Vanessa Waldref is quick to point out that although hers will be the first portrait of a woman to hang among the men who have led the U.S. Attorney’s Office for Eastern Washington, she had a lot of role models along the way.

“I’ve had mentors who were incredible, both men and women,” said Waldref from her office in the Thomas S. Foley U.S. Courthouse earlier this month, specifically mentioning Pamela DeRusha, the former civil chief of the office, and Stephanie Lister, who was nationally recognized for her work on child exploitation cases while in Eastern Washington. “But really being able to see myself as a leader has been through seeing someone who looks like me achieve amazing things in their roles.”

Waldref, 41, a Gonzaga Prep graduate and former United States assistant attorney in the office, was sworn in to lead it Oct. 7 after nomination and confirmation in the U.S. Senate. She took the oath with four former U.S. attorneys for the office, sister and former City Councilwoman Amber Waldref as well as the rest of her family and several members of the legal community, including former coworkers who are the workhorses of an office she’ll manage.

“For the first time in recent memory, the United States attorney, appointed by the president and confirmed by the Senate, is both someone who grew up in this community and and has deep roots in the community, and has served as an assistant U.S. attorney for years,” said Dave Herzog, one of 28 assistant United States attorneys in the office split between both Yakima and Spokane.

At her swearing-in, former U.S. Attorney Michael Ormsby said hiring good people was one of the important jobs of the office. He said when the office hired Waldref in 2013, they “knocked it out of the park.”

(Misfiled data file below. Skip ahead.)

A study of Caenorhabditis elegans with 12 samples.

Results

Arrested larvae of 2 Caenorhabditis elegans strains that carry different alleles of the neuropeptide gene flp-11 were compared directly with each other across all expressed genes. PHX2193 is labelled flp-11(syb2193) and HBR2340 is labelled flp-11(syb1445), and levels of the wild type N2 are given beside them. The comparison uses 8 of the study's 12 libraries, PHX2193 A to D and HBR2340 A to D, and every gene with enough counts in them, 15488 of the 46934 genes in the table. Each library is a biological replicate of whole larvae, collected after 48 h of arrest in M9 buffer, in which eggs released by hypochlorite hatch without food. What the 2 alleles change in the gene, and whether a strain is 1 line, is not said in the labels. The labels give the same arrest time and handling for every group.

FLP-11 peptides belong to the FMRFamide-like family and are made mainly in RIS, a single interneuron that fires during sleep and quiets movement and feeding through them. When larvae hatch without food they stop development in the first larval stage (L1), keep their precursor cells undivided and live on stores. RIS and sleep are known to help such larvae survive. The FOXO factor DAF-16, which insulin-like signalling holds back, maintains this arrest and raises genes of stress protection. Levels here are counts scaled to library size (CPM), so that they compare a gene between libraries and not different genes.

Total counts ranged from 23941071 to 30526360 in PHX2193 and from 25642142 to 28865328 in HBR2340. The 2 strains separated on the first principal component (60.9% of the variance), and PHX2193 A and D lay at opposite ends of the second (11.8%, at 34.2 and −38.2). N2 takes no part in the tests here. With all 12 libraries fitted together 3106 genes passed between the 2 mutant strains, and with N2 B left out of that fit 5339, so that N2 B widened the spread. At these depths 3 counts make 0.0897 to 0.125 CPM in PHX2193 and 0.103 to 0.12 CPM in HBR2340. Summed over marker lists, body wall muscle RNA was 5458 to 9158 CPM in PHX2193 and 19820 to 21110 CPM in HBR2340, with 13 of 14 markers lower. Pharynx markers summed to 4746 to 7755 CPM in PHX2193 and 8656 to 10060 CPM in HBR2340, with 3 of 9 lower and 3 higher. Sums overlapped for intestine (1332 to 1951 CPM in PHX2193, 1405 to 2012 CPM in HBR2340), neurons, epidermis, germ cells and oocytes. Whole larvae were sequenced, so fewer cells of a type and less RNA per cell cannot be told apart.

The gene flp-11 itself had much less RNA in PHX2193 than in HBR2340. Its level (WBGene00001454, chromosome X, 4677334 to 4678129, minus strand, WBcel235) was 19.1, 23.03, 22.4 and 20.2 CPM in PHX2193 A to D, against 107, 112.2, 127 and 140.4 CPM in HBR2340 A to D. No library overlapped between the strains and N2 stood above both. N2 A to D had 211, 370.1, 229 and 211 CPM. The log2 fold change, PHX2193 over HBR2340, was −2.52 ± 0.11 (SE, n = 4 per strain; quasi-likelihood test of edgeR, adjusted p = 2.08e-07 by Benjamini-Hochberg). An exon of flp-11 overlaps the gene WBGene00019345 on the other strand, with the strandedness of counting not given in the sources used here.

During those seven years, Waldref took charge of the office’s intern program. That included recruiting Gonzaga University School of Law student Emily Geddes, who just graduated in May and has taken a job at a local law firm.

“She really has created an environment around herself where she inspires you to learn and be better, and she encourages you to do that,” Geddes said. “But she gives you the tools to do that as well.”

That also will be the goal in leading the U.S. Attorney’s Office, Waldref said. Attorneys working there have deep experience, specifically in the types of violent crime, illicit opioid and fraud cases that have continually cropped up in the region. Waldref also mentioned the importance of protecting federal lands, as well as enforcing clean water and air standards that were her priority during a year working in the Justice Department’s Environment and Natural Resource Division.

She’s been working with the Justice Department for the past year, but did not have to move to the East Coast because of the remote policies employed by the federal government during the pandemic. Waldref still had to adapt to a new job, all while the pandemic began to take hold for her two children in sixth and second grade.

“Last spring was the most challenging time,” she said. “Transitioning to a new job, homeschooling, or trying to teach from home – people who do homeschooling do a better job than I would do – I was just trying to keep everything afloat.”

Geddes took a class called “Conflict of Law” from Waldref and teacher Richard Barker on Zoom this spring.

“It’s not maybe the most exciting field of law,” Geddes conceded. “But the two of them were really able to keep the class interesting, and keep the class engaged.”

In her public comments after being sworn in, Waldref acknowledged the “big shoes” she’d be filling by stepping into the office, but also noted it’s the first time those shoes would be filled by someone in high heels. While meant as a lighthearted comment, Waldref said she takes the role of a potential role model seriously.

“What’s so important to me is that I now have the privilege to continue to strive for representative leadership in this legal community and the law enforcement community that reflects the population of the district we serve,” she said. “Representation is critical in terms of people seeing themselves as leaders and part of the law enforcement community, and that’s not just what other people do.”